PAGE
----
Our plan for Thanksgiving was to spend it out of town with Santa Maria's folks, but everything was thrown for a spin last Wednesday when Pinta came down with strep throat, and we couldn't get on the road in time to visit them. The doctor said that twenty-four hours of antibiotics and no fever meant that she wasn't contagious, though, so I called my sister, who was hosting a big gathering in Connecticut with my extended family, to see if she had room at her table. "Of course," she said, and that's where we went.
My sister did have one request, though. She wanted us to bring a side dish. She suggested Santa Maria's biscuits, but they don't travel well (and actually suffer in the time it takes them to get from the oven to the table), so that wasn't a good choice. Because we were planning on being out of town, our pantry was nearly empty (our refrigerator looked like one from the quintessential Manhattan apartment, with plenty of empty shelves for leftover take-out containers), but we did have oats in the cupboard. Oatmeal is a staple of our winter breakfasts, and Santa Maria also knows how to make them into delicious, if crumbly, oatcakes. They're great for breakfast, as a side for a big dinner, or as a dessert treat. Here's her recipe:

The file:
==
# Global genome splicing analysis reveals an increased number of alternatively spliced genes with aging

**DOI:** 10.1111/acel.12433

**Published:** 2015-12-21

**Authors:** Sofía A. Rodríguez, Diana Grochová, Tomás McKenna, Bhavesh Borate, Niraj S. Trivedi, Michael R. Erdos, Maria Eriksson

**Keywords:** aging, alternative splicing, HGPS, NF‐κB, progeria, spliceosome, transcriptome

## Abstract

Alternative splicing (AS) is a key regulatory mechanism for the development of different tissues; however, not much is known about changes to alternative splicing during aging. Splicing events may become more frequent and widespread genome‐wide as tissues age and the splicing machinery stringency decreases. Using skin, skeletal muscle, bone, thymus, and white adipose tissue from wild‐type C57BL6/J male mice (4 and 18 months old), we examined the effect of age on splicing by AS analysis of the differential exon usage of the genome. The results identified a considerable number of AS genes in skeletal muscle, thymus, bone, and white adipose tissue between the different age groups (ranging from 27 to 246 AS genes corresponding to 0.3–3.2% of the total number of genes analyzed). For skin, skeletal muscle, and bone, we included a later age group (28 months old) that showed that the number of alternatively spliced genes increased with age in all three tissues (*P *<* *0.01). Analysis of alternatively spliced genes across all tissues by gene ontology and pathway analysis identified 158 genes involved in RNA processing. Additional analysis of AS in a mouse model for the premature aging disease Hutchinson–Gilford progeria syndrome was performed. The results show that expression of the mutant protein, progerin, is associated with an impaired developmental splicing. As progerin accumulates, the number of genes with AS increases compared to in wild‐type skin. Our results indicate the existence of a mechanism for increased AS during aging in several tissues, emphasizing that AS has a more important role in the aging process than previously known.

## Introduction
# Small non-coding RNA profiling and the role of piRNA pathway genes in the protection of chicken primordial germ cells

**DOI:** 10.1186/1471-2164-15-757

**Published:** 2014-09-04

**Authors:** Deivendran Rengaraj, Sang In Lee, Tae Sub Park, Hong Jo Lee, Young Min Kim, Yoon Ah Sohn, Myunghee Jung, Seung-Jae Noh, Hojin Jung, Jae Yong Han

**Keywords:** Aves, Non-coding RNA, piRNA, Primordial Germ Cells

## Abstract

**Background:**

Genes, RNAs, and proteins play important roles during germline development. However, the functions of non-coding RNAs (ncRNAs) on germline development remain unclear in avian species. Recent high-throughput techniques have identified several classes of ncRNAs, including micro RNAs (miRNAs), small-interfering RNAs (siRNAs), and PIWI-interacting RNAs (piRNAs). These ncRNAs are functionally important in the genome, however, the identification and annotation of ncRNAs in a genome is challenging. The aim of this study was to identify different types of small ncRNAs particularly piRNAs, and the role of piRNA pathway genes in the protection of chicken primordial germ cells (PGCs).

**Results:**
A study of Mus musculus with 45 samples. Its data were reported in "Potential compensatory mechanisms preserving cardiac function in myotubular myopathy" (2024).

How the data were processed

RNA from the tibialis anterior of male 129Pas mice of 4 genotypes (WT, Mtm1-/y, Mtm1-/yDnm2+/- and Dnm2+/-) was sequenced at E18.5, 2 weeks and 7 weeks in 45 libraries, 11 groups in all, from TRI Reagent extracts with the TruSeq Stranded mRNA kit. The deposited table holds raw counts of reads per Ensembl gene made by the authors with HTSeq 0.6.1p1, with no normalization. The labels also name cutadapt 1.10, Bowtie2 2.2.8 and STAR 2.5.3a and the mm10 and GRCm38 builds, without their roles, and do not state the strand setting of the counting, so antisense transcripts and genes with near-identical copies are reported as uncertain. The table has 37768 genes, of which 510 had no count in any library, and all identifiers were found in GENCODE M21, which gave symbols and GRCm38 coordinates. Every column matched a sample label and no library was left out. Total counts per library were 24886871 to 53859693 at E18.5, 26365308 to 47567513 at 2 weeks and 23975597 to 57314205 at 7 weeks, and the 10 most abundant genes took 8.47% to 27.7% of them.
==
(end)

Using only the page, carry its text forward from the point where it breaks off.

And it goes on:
Santa Maria's Mom's Scottish Oatcakes
- 2 1/2 cups of organic rolled oats
- 1/2 cup of organic flour
- 1/4 cup brown sugar or organic maple syrup
- 1/2 tsp. salt
- 1/2 tsp. baking soda
- 1/4 cup melted organic butter
- 1/2 cup milk
Preheat oven to 325 degrees.
Combine the dry ingredients; mixing them well.
Stir in the melted butter and then the milk (you can then crush the oats a bit with your hands, which is especially fun for the wee ones).
Press the mixture into a buttered 11 x 6" pan and bake in oven until
golden brown (about 20 to 25 minutes).
Slice into any shapes you like and serve warm with more butter and
some honey, or just plain with a glass of cold milk.
Notes: This is a great recipe to cook with kids, and it can also be made gluten-free by substituting quinoa flour in place of the wheat flour.